Meet Michael Reid, an employee of the Metropolitan Atlanta Rapid Transit Authority (MARTA). In October 1999, Reid was injured on the job. He played by the rules and filed a claim within the designated time period, and for his trouble, was awarded temporary total disability (TTD) payments–32 of them, to be exact. Of those 32 payments, 12 were ruled untimely or late, making MARTA subject to a 15% penalty paid in full to Mr. Reid.
Upon returning to work in June 2002, Reid stopped receiving TTD payments, despite the fact that he was owed statutory penalties on all late payments–a small detail that MARTA happily overlooked. In May 2010, Reid decided that it was time to call in his debts. His attorney sent a polite letter to MARTA, reminding them of their previous oversight, and requesting that they honor the initial agreement.
As you might have guessed, MARTA declined Reid’s request, noting that the two-year statute of limitations had expired years ago. The administrative judge reviewing the case seconded MARTA’s motion, ruling that a request for long overdue statutory penalties constituted a “change in condition,” and that Reid was seeking “additional benefits.”
So, as long as a workers’ comp insurer ignores its obligation to pay late penalties for long enough, it’s in the clear?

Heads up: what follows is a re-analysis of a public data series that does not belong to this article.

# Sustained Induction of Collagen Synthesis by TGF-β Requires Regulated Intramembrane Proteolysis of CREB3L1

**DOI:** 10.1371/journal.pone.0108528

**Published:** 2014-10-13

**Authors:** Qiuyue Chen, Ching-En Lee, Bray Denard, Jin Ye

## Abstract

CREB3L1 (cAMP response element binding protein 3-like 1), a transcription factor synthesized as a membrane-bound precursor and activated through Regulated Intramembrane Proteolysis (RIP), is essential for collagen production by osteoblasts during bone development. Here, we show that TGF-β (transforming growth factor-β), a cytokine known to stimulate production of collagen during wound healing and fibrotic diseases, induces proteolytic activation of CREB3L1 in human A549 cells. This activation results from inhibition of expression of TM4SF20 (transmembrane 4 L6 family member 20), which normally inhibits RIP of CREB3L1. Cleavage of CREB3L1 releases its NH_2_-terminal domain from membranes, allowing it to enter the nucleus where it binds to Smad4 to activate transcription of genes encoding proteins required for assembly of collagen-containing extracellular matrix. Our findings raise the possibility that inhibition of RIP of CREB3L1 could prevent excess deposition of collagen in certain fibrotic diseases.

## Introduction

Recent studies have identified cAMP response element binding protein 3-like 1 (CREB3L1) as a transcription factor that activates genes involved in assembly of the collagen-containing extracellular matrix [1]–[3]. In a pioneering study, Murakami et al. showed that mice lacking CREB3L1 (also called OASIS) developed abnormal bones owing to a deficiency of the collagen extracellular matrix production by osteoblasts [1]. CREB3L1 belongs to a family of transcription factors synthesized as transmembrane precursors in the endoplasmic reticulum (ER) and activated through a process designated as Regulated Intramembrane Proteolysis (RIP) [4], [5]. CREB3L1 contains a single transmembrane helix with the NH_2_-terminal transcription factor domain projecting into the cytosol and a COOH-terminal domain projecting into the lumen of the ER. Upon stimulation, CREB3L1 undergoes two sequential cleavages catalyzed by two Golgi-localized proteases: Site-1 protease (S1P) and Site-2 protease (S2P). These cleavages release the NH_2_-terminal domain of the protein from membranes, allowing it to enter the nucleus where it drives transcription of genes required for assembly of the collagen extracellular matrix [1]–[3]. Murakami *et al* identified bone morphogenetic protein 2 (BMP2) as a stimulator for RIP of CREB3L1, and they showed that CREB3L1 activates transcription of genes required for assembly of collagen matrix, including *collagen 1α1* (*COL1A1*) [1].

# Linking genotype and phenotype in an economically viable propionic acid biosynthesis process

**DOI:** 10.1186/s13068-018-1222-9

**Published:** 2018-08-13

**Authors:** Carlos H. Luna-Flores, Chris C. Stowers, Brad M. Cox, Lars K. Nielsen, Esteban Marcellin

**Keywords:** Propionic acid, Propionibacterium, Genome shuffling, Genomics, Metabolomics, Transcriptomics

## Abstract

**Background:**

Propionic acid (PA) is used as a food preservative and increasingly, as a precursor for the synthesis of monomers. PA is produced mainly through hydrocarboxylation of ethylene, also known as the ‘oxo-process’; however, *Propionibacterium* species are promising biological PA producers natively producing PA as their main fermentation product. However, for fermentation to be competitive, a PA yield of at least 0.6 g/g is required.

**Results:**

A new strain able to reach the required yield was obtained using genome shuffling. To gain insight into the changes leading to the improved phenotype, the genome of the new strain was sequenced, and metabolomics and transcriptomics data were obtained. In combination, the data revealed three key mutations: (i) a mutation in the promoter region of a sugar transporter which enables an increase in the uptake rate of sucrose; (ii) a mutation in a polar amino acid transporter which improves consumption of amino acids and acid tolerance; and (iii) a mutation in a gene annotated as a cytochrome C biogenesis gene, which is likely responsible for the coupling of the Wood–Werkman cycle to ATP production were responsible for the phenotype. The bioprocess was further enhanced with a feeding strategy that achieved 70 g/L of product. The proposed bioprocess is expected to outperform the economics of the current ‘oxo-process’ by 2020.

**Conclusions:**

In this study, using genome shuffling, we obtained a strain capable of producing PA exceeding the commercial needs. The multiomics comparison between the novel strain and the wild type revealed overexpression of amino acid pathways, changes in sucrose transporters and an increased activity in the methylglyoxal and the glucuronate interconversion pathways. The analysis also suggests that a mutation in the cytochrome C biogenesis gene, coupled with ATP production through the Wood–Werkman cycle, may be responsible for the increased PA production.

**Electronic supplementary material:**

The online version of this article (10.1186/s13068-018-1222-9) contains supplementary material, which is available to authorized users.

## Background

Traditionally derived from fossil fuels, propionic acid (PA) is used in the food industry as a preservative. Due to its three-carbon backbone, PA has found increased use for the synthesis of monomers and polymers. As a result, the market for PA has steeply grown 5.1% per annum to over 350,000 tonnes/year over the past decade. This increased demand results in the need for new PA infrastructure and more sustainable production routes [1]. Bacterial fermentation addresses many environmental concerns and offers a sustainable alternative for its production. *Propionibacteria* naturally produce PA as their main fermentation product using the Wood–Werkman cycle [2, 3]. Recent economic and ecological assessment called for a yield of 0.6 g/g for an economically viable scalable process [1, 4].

Does an employer’s blatant violation of statutory regulations governing when payments are due and utter disregard for the penalties resulting from said violation constitute a change in the employee’s “condition”? No, according to the Georgia Court of Appeals, as it reversed the lower court’s decision.
Although Reid’s delayed request for statutory penalties may open Pandora’s Box, the fact remains that MARTA’s only real defense comes from a troubling loophole in Georgia Workers’ Compensation statutes. After all, late fees do not cease to exist simply because we decide not to pay them. And, as noted by Michael Reid’s attorney, a mangled reading of the existing legislature will only perpetuate the problem. I would expect that this case will ultimately be heard by the Georgia Supreme Court. Should that occur, we’ll know for sure whether statutory penalties are subject to the “change in condition” statute of limitations, but for now, the answer appears to be “no.”
At Moebes Law, we believe that our judicial system is only as good the people who uphold it. If you or your family has been injured on the job or denied claim benefits that are rightfully yours, contact Atlanta’s leading workers’ compensation firm at (404) 354-5432 for a free consultation today.